Former State Representative Lyla Berg, who will give the keynote, said, “Forgiveness gives one the ability to change -- to pause, take a deep breath and stop doing what doesn’t work; to look sincerely into the eyes of people with whom we disagree and see where we have common principles,
All members of the State Legislature and Executive, and all members of the City/County Administration and City Council, are being personally invited to attend.
Heroes of Forgiveness will be recognized -- people who have met the challenge of change, found a wellspring of forgiveness and shared their discovery with the community. Two Heroes will be honored this year, and both are well-known in the community: Sister Joan Chatfield of the Maryknoll Sisters, and acclaimed author and teacher Chuck Spezzano, of Psychology of Vision.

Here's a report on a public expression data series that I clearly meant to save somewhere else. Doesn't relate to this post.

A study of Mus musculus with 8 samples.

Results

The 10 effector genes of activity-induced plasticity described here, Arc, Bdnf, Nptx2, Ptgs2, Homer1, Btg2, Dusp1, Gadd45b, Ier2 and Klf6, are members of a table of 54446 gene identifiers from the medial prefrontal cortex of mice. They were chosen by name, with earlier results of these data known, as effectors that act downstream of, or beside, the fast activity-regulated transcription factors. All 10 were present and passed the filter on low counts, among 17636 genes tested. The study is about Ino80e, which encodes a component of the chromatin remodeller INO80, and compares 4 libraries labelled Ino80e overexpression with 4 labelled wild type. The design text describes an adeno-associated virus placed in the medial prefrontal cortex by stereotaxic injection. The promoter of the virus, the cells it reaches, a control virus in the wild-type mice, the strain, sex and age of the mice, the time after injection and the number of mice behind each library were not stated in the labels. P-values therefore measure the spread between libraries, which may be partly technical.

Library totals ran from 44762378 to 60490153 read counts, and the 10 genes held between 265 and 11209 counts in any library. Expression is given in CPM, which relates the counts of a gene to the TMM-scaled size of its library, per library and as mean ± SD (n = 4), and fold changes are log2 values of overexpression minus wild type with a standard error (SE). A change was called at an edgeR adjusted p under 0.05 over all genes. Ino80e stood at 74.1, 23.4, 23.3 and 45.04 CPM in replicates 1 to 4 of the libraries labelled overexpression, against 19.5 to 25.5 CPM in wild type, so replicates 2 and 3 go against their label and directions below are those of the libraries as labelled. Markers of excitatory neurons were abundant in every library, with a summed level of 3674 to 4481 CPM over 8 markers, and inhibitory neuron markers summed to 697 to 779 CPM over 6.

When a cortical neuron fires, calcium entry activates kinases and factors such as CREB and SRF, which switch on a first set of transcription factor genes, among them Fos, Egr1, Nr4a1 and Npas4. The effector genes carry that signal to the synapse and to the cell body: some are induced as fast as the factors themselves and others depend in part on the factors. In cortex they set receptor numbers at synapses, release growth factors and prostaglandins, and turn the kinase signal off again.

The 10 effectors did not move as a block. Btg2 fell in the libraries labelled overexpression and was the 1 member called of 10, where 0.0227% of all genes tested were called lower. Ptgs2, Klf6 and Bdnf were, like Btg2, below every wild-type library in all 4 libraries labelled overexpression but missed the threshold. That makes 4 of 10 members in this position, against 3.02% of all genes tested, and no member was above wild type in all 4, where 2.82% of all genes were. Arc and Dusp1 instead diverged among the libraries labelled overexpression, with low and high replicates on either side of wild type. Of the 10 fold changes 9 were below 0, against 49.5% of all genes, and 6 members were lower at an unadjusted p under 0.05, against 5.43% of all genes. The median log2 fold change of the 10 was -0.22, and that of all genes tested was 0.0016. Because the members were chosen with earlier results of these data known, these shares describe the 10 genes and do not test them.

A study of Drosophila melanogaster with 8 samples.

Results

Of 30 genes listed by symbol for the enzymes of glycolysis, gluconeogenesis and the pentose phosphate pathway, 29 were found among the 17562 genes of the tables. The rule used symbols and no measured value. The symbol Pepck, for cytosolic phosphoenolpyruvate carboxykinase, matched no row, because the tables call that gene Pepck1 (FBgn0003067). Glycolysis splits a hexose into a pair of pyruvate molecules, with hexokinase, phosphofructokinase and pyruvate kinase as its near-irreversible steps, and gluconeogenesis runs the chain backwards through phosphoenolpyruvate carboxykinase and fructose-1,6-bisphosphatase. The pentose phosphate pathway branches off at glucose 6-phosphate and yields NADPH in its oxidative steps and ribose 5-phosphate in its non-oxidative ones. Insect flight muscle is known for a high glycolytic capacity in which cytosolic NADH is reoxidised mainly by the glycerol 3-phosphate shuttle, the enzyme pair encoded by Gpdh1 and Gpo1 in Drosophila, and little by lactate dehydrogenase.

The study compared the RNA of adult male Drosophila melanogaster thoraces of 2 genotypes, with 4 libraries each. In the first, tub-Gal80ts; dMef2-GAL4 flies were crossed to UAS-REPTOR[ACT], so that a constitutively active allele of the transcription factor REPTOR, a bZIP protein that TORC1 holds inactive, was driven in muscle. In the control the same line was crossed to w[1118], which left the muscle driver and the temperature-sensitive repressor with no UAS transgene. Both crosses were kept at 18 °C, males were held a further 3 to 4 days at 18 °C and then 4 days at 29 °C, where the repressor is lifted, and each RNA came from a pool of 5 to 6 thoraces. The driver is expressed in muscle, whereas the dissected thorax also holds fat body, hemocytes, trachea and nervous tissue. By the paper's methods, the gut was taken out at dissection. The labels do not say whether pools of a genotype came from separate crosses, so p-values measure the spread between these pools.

Forgiveness Arts Awards will be presented -- and entries are now open to the public, online. Anyone may enter original work into the Images or Poetry category, no charge:
The winning images will be on display on August 5, and the winning poets will read their work. A full gallery of past years' winners -- artists and poets of aloha -- is available on the website, to get an idea of what is meant by "Forgiveness Arts."
Beloved Hawaii slack-key master Keola Beamer will share his work and realizations of forgiveness in a thoughtful presentation, highlighted by an oli (chant of dedication) presented by his wife.
Well-known local attorney Roger Epstein of Cades-Schutte, a founder of the Forgiveness Project in Hawaii, and former State Court Judge Lorenn Walker (recognized as a Hero of Forgiveness in 2005) will be on hand to discuss how the values of forgiveness can be more effectively embedded in public policy.
International Forgiveness Day is celebrated in more than 80 countries, and the festival here in Hawaii is consistently one of the largest in the world. It is organized by an ad-hoc coalition of community groups, professionals, religious organizations, business and government people who support a lifestyle of forgiveness in Hawaii, based on the values of traditional Hawaiian culture and the spirit of aloha.